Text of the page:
Tuesday, 7 June 2016

Ready Steady Girls: The Other Half Of The Mod Equation

I’ve had the pleasure recently of catching up with two good mates of mine Bax and Snowy who along with with Jason Brummel are compiling a book titled, ‘Ready, Steady, Girls’ which delves deeper into the world of the Mod Girl. An area which I feel has been merely glossed over in recent years. I’ve asked the key questions which will tell you more about this upcoming release, enjoy! 

DP: So Mod girls they're sort of the unsung heroines of the mod scene? 

Bax: Very much so, they were/are there but the main focus was always on the chaps, but of course the female side of it all had a story too

Snowy: It was important to us to include as many mod girls from as many generation and nations as possible. To do an ‘elitist’ type thing was never an option, bollocks to that. In the book some of the 60’s mods have their views aired on the 70’s mods and them in the present day mods…get the book and find out more and make your own minds up…that’s really all that matters!

DP: What drew you to write about this area of the scene? 

Bax: In all honesty, it was because no one else had explored or examined it in book form. 

Snowy: For my part I still enjoy hearing stories that have a mod connection. I like a lot of other things too from rave to punk to soul. For me it’s all good and all important, but in the beginning it was mod for me and those are my roots and the foundations where upon everything else has been built.

DP: Do you feel Modernist girls needed a voice? 

Bax: When we started speaking to the girls who had been/ or were on the scene, it soon became obvious they wanted someone to state their case

Snowy: YES! I enjoy a lot of the mod related books that are out there but for me the females needed a bigger shout. So we have done that. They have their stories, they know what moves them, there would be no mod ‘scene’ without them, we love them!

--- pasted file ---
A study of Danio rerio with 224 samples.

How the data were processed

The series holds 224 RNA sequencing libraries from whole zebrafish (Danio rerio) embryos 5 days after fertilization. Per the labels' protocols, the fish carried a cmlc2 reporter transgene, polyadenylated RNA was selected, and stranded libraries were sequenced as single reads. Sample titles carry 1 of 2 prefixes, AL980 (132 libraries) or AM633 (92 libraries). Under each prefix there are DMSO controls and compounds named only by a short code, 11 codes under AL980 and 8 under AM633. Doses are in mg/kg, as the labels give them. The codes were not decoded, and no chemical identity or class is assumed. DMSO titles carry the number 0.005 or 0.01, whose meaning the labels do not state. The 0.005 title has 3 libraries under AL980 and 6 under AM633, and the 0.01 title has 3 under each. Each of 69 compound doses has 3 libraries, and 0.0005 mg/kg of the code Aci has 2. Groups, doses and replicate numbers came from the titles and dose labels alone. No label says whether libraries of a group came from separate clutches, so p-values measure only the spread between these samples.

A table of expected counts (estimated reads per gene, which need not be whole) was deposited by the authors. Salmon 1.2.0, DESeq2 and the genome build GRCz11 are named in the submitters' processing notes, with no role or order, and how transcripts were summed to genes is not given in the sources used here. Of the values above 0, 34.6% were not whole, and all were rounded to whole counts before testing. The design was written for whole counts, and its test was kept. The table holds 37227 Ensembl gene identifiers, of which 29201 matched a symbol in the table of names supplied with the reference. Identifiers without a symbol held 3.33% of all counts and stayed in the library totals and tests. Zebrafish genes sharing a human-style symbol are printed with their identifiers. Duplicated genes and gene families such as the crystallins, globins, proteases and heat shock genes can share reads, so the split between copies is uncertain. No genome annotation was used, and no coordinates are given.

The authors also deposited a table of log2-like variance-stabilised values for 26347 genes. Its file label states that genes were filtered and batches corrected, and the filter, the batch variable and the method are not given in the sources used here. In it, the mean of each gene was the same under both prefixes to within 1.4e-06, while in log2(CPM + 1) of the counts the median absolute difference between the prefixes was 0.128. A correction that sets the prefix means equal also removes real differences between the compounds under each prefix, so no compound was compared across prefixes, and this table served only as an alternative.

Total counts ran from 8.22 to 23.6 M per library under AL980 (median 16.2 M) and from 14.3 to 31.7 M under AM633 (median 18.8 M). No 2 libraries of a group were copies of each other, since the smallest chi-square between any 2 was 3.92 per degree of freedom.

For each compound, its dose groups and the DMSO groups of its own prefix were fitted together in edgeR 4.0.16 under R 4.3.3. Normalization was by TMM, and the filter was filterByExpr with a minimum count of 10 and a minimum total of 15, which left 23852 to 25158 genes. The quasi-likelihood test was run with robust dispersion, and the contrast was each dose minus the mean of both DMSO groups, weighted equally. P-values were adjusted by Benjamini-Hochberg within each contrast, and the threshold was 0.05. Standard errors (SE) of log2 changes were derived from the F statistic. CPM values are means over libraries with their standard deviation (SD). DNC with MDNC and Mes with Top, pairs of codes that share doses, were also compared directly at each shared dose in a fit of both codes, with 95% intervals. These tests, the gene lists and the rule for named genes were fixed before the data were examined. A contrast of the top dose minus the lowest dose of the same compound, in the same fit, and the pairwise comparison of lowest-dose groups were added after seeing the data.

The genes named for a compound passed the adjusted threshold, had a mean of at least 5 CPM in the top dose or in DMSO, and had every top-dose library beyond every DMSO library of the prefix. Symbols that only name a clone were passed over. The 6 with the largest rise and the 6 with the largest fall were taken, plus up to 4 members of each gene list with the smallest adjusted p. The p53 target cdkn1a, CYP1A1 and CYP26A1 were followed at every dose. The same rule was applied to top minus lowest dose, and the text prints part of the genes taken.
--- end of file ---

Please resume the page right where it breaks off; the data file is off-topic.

DP: What's the aim for this book?

Bax: In my view, to show the other side of the coin so to speak and present it in a stylish way 

Snowy: I’m always on the hunt to do something that hasn’t been done, not been attempted, not tried and I think I speak for Bax and Jason on this matter too. It’s in our DNA as writers with a Modernist intent. What’s for sure is that there will and can only be one book like this-the originals are always the greatest-right?

DP: It's going to be a coffee table book is there a particular reason for this is it to coincide with the cafe culture? 

Bax: We've always seen it as a 'photo led' book, and design for that is key, so in a way it all fits in with that way of life yeah

Snowy: Indeed it is! This book need to be classy and smart and cool-everything that a mod is and we wouldn’t have it any other way. Besides its always nicer to invite friends around and have a copy of a book like RSG on the coffee table rather than Hello Magazine eh!

DP: How did you and your fellow authors decide which pieces you would pen? 

Bax: We've collated the first hand stories and recollections, so we've let the girls speak for themselves. That was very important to us all

Snowy: The book is more compiled by us rather than written. That was the position that we agreed upon. It was important that a book like this should be from the mouths of the females. It’s captured a certain feel because of this.
 And it wasn’t that we couldn’t have written the book on this subject. We could have done quite easily and it would have been brilliant, and we saw no reason why a man couldn’t write about mod girls In fact, that it was fella’s doing this book is kinda right. It was always meant to be a tribute to our amazing and stunning mod girls from the past 50 years.

DP: Do you feel this book will inspire a new breed of mod girl? 

Bax: I think it is refreshing to see there is a new breed already there, but if it is seen by someone who is looking to get involved and it encourages them to do so, well, that would be great.
Snowy: I hadn’t thought about that, but yes, wouldn’t that be fantastic. I got into the mod thing 35 years ago, my mum was a mod in the 60’s. In the book there’s a three-part interview with Scarlett (Bayliss) and her mum and her nan, three generations of mod. This most enduring of youth cults for some reason just keeps going on and on. Yes, we hope that RSG helps to fuel that further, but in an evolving way.

DP: How can we get involved to support the pledge campaign?